Mini Stereotype Guru Shows Adult That Stereotypes Are Inaccurate

October 22nd, 2013 | Categories: Uncategorized

We communicate stereotypes all the time. Even the most self-righteous politically correct liberal do-gooder still slips and uses stereotypes. Folks I speak with love catching me communicating a stereotype. I am sure it’s as fulfilling as a whack a mole game, finally catching that mosquito that’s been harassing you, or watching your 105lb friend gain wait from a pregnancy. My point is, we all stereotype. Today, though, I learned that some of us don’t.


My daughter, son, and I were chatting with the local UPS employee, a regular in our building over the last ten years. We were discussing that my son had no jacket and must not have been cold while my daughter was wearing two layers of jackets and must have been cold. Seems like a logical conclusion.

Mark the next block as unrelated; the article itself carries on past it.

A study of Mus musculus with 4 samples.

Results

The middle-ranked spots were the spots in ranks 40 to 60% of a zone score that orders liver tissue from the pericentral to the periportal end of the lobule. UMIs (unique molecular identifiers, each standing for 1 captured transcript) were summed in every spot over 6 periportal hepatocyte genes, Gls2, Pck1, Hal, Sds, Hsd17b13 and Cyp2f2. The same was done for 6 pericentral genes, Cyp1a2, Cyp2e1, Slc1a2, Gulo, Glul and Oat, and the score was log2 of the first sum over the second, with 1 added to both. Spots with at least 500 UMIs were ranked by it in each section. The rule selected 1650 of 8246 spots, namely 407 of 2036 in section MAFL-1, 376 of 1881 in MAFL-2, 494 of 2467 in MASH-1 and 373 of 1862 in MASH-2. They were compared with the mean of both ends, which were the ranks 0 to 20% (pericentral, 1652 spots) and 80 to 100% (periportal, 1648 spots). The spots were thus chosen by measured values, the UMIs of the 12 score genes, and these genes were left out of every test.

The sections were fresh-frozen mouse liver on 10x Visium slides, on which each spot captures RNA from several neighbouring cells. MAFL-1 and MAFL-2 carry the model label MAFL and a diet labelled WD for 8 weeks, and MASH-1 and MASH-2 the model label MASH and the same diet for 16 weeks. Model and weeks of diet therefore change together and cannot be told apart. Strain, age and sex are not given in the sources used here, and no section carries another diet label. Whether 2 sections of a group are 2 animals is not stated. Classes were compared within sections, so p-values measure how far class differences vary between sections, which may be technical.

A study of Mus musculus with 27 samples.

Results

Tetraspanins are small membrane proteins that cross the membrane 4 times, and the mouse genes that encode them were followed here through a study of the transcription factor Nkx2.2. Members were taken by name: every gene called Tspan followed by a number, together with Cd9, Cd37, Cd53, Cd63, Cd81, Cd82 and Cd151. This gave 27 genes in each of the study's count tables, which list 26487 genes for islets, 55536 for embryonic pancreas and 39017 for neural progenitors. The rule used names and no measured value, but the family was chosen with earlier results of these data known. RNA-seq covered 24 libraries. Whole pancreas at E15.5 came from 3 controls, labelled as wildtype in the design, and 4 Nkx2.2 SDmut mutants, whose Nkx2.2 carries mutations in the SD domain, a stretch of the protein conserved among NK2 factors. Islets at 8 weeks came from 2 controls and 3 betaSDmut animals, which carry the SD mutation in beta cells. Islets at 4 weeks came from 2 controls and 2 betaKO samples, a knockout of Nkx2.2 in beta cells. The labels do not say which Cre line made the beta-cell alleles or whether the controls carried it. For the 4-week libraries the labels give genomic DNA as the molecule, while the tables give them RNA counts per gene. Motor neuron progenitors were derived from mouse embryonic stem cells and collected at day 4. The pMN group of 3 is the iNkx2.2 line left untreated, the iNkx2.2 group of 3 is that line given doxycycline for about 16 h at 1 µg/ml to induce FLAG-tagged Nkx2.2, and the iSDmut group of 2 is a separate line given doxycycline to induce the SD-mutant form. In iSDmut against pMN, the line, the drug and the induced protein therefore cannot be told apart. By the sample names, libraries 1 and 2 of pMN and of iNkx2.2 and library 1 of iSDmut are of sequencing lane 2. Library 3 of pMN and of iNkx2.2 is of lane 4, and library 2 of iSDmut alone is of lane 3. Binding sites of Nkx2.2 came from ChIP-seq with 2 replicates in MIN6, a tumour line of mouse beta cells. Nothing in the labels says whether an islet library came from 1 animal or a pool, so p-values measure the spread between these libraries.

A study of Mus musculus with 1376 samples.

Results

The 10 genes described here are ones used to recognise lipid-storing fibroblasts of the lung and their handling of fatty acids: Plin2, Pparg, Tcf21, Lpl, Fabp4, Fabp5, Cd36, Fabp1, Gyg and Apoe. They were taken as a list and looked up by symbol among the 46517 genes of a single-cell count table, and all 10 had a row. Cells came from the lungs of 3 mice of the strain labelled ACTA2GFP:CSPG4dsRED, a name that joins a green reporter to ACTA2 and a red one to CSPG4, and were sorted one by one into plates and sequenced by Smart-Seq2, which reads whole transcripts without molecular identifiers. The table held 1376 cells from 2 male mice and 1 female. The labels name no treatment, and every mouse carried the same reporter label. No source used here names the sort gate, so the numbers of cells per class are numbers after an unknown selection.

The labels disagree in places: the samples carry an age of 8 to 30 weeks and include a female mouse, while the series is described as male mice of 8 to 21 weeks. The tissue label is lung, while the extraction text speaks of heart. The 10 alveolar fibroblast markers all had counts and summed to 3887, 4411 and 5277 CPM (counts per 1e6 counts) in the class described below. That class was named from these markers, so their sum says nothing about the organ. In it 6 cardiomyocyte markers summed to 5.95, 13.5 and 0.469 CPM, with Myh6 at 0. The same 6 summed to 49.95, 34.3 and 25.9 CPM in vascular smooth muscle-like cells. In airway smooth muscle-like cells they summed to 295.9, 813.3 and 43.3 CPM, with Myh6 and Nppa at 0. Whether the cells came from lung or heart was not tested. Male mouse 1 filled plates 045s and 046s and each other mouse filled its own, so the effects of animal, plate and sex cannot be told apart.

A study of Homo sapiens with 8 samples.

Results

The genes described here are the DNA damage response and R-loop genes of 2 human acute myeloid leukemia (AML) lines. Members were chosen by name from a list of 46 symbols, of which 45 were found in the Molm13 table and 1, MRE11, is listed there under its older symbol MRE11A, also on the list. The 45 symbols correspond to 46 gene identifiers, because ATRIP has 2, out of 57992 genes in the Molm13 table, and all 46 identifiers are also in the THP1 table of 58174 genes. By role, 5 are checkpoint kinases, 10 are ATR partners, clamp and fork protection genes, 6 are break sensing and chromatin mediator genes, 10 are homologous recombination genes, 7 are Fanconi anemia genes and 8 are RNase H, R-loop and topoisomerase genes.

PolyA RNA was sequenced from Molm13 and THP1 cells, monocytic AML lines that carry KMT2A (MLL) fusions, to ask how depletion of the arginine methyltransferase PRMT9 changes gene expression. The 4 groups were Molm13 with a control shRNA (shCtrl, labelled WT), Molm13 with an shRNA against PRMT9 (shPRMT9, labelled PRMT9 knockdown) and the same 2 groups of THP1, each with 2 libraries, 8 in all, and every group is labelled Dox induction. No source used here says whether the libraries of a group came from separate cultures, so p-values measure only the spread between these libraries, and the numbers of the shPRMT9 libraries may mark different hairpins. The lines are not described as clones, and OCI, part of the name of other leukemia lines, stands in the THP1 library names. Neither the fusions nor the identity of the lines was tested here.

Then, the UPS employee made a leap from logical to stereotypical. He said, “That’s the way it is, right? Women are always cold and men are not.”

Well my little Mini Stereotype Guru didn’t miss a beat. Quick as possible she contradicted the stereotype. This is impressive considering that most adults might not have even registered the stereotype let alone identified it as inaccurate, chosen to contradict it, thought of an example at all, and opted to communicate the example.

Well, my little Mini Stereotype Guru did just fine. She said, “Well, my grandma is always hot and she’s a girl so that’s not true.”

Adults like to simplify things for kids. But communicating stereotypes because they think it will be easier for a child to understand underestimates the power of a child’s mind to process information. There are children my daughter’s age of 6 years old who speak three languages. With this kind of brain power of course she can handle understanding that stereotypes are inaccurate because people are complicated and can’t be reduced to a binary.

People communicate stereotypes all the time. Even the Stereotype Guru slips every once in a while. Not kids though. They can see through stereotypes… at least until their parents have trained them to do otherwise.